With The Shining Girls, Lauren Beukes joins the increasingly crowded list of authors attempting to bridge genre writing with the literary novel. She manages to be more successful than most, turning the occasional brilliant phrase or description, and exercising above average characterization with her protagonists. This lit-thriller’s sci-fi twist is mostly satisfying, and the story succeeds in being just creepy enough to keep the reader hooked, but it doesn’t quite elevate itself to something more memorable than a beach read.
These genre-blending novels face a tough conundrum. Over-explain the uniqueness of the setting or rely too heavily on tropes and readers are left bored or feeling their intelligence insulted; under-develop the premise and rely on the more literary writing and the uniqueness of setting begins to feel arbitrary and unnecessary. There’s a fine line between the two that most authors aim for, even if they miss the mark.
Beukes errs on the side of the latter scenario: her writing is strong, and the sci-fi time travel stuff is interesting and creepy, but not fully developed. These genre elements are rendered and used to good effect, but unfortunately feel as if they exist only to serve the plot.
The villain is a man named Harper, a Chicago degenerate from the Depression Era who stumbles into a mysterious house while escaping some gangsters. He soon discovers the house is a time machine of sorts. By thinking of a certain date, he can exit the house to that time period. On the walls are numerous female names as well as various artifacts from different time periods (a lighter, a toy pony) connected by lines, like constellations. Almost instinctually and without questioning why, Harper realizes he must travel around time and murder these “shining girls.”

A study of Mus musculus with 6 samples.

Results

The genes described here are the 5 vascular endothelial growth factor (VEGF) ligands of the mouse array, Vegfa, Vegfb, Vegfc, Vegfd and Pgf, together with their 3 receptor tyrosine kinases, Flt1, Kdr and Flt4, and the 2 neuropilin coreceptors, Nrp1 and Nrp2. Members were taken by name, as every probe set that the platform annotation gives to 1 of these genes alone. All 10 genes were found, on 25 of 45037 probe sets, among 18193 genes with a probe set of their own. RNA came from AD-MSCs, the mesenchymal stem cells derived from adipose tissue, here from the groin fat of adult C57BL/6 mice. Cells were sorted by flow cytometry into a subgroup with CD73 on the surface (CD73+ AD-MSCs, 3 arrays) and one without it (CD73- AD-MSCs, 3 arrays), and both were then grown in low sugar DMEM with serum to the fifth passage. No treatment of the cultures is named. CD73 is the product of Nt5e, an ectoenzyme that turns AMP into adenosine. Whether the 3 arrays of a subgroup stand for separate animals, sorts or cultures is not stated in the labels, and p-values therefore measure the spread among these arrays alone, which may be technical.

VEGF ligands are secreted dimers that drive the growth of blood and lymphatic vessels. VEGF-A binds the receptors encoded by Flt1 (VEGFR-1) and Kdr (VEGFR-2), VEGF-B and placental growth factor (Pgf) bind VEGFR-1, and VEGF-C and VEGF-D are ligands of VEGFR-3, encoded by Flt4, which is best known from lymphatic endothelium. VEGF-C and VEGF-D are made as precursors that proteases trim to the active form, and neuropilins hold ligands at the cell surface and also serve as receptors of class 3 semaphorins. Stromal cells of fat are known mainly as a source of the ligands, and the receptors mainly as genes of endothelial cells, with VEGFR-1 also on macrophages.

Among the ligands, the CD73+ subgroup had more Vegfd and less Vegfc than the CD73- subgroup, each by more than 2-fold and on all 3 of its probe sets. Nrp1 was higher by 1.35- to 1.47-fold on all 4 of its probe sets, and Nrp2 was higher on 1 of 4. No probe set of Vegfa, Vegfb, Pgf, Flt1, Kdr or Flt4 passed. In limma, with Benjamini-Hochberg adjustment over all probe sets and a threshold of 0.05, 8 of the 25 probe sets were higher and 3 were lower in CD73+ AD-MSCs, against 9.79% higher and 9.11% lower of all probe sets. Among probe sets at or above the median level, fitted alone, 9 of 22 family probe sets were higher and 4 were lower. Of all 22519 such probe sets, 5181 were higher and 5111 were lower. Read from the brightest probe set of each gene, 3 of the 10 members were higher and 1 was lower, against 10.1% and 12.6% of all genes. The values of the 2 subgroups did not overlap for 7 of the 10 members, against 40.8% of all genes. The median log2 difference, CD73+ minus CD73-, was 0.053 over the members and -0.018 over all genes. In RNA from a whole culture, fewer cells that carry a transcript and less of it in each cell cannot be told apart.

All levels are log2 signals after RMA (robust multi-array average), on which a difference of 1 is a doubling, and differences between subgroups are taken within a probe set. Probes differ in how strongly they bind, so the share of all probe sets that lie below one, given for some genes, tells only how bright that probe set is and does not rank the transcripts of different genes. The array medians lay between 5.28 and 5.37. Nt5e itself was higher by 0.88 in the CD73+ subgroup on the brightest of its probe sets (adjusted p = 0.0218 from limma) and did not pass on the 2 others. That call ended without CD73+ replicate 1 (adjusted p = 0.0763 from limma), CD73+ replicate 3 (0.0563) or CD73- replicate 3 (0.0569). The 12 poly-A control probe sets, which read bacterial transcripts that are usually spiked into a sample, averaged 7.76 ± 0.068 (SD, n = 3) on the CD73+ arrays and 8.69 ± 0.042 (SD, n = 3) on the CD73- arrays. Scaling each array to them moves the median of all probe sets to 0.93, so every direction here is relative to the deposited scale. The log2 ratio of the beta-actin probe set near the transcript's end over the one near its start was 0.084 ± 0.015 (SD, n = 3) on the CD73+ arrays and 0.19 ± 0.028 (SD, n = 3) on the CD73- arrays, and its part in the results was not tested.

So Harper becomes a time traveling serial killer. He visits the women as young girls, giving them anachronistic gifts and promising to return later in life. A quick return to the house and back, and Harper then dispatches the women as adults. Except Kirby. Harper comes back for her too, but she manages to survive.
An intern at the Sun-Times, Kirby and her supervisor/sorta-love-interest Dan Velasquez set out to track down Harper and connect him to the serial killings that the cops (with good reason, given the gaps in time) believe to be unrelated.
This is where things wobble a bit. The book never falls apart on Beukes, but there’s too much randomness (or at least unexplained causality) in Kirby’s connection to Harper. Not only are we never given a reason for why Kirby and the other shining girls are being killed, we also aren’t offered much to base any supposition on. And while Beukes does manage to “close the loop” with the time travel plotting, she doesn’t take the opportunity to fold the victims into that plotting as anything more than just seemingly random targets.
Still, this is an exciting read, and on the whole a successful novel. It’s not the poster child for successful literary/thriller mashups, but it is ahead of the pack in that regard. The Shining Girls will make for a fantastic beach read to help you while away the summer.